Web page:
Cotton swabs condense and impact your ear wax deeper into your ear canal — and you may be risking your hearing each time you reach for a swab.
In fact, many do-it-yourself ear-cleaning methods do more harm than good. Although unpleasant, earwax has nothing to do with personal hygiene and the ear canal naturally cleanses itself through your body’s everyday movements.
Visit the UPMC Ear, Nose and Throat website to learn more or call 412-647-2100 to schedule an appointment.
Here are a few simple tips to help you properly clean your ears without damaging this delicate sense organ.
Never Miss a Beat!
Subscribe to Our HealthBeat Newsletter!
Get Healthy Tips Sent to Your Phone!
How to Clean Your Ears
- Apply a soft, damp washcloth to clean the outside of your ear.
- Clean the outside of your ear with cotton balls, but do not insert them into your ear canal.
- Earwax softener can help make for easier removal.
- Ask your doctor’s office to remove wax during your regular exam.
- Never use ear candles or pointed objects to remove ear wax.
You might also like…
What Is Ear Wax?
Ear wax is important to the health of the outer ear canal, providing protection, lubrication, and antibacterial properties.
If we clean our ears too often, the absence of ear wax actually may result in dry, itchy ears. The ways that many of us have been conditioned to keep our ears “clean,” may actually do more harm than good.
Ear wax is not formed in the deep part of the ear canal. So, when a doctor sees someone with a build-up of wax against the eardrum, it is often because the person used foreign objects to try to clean out the inner ear. This wax blockage is one of the most common causes of hearing loss.
Should You Use Cotton Swabs to Clean Your Ears?
Trying to clean the ear with cotton swabs or other objects can actually cause problems by pushing the ear wax deeper into the ear canal. Normally, ear canals are self-cleaning and should not need to be cleared with any foreign devices.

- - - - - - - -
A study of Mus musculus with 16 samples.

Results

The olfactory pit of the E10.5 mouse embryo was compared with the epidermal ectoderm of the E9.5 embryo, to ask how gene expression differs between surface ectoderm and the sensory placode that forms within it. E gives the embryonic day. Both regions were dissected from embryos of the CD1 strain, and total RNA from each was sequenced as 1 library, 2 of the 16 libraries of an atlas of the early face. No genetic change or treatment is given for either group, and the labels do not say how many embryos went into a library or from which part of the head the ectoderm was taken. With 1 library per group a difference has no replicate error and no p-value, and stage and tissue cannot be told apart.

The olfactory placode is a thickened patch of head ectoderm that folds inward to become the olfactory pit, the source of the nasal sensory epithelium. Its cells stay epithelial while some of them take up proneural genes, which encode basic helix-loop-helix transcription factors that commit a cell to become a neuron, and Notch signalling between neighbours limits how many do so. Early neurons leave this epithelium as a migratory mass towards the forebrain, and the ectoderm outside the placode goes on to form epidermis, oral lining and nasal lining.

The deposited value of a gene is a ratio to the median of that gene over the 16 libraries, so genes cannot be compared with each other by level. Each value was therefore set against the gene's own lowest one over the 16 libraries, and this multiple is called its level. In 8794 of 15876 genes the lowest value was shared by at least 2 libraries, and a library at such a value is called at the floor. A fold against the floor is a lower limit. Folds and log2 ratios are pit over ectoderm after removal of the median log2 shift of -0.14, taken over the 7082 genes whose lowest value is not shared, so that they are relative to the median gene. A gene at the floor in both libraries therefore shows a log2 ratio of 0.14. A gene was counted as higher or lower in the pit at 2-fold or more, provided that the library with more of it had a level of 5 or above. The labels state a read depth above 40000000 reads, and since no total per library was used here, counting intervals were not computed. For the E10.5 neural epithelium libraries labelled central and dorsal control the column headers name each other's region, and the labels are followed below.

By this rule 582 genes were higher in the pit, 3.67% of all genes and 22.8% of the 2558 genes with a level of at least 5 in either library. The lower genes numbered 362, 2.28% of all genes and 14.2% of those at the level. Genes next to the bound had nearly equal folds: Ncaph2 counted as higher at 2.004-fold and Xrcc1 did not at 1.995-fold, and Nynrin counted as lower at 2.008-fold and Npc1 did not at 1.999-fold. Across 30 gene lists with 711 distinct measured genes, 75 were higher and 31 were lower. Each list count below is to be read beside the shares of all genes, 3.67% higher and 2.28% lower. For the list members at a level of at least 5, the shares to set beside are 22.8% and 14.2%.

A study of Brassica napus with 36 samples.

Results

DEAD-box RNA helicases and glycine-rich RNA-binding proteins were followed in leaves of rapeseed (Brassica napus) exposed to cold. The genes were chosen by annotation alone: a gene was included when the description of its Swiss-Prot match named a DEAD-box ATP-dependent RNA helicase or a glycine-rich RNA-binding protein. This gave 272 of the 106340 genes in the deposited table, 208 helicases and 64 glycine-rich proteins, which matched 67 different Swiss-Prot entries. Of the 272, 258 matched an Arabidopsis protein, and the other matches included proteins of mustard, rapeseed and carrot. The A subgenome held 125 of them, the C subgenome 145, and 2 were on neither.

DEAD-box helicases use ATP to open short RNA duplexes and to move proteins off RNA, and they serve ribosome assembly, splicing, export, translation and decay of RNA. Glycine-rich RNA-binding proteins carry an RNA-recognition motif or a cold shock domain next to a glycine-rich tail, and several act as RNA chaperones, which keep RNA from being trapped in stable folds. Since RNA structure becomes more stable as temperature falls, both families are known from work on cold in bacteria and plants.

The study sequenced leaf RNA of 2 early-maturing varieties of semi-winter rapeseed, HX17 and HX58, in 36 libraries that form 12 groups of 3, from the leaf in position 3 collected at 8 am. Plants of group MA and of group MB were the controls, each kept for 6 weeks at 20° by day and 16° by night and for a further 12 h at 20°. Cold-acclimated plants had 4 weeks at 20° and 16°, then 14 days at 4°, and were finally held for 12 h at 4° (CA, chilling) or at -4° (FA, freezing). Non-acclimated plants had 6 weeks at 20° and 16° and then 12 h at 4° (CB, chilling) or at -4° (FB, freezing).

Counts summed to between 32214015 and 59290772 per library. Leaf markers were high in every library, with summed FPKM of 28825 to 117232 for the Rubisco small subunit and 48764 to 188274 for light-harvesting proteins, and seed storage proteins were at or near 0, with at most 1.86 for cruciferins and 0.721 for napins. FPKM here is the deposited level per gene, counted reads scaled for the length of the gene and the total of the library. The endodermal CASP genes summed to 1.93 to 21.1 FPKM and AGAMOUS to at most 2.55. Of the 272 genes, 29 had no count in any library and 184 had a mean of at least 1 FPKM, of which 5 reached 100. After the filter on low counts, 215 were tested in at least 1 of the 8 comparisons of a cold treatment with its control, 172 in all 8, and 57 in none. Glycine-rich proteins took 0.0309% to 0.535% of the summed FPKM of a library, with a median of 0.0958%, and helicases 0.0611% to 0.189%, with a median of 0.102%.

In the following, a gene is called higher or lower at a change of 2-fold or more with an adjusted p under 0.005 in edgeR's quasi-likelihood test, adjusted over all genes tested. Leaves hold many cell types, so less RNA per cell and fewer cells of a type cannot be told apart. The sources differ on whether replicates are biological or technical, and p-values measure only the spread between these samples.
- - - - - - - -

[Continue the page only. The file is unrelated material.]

Sometimes wax can accumulate excessively, resulting in a blocked ear canal. In that case, clean your outer ear with a cloth and try one of the following to remove the blockage:
- Place a few drops of mineral oil, baby oil, water, or commercial ear drops into the inner ear to soften the wax, which will allow it to come out more easily.
- A stream of water or saline (salt water) can be used to rinse the ear. Use a syringe from the drug store to get the solution into the ear canal, but do not insert it too far. These solutions should be warmed to body temperature to prevent dizziness.
- You don’t have to do it yourself: Doctors specializing in ear, nose, and throat care have special, safe instruments to vacuum ear wax or otherwise remove it.
Also, it is important to remember that not only is the ear self-cleaning, but it also clears itself due to the body’s normal movements. Old ear wax is constantly being transported from the inner ear canal to the ear opening by chewing, talking, or simply moving the jaw.
Safe Ear Cleaning Tips
- Do not clean your ears with bobby pins, twisted napkin corners, or other long pointed objects.
- Do not insert cotton balls into the ear canal. They will merely push the wax deeper into the ear canal, causing a blockage.
- Do not use ear candles. The Food and Drug Administration issued a public warning in 2010 that the use of ear candles can lead to serious injuries.
If you are constantly experiencing excessive amounts of ear wax or a stuffy feeling in your ears, please consult your doctor.
About Ear Nose and Throat
Ear, Nose, and Throat Services at UPMC Presbyterian Shadyside ranks among the best nationally on U.S. News & World Report’s listings. Our team includes board-certified physicians and highly skilled speech-language pathologists and audiologists. We treat a variety of ear, nose, and throat conditions in both children and adults and provide both surgical and non-surgical options. Our doctors also take part in research and clinical trials. We have locations throughout western Pennsylvania for patient convenience.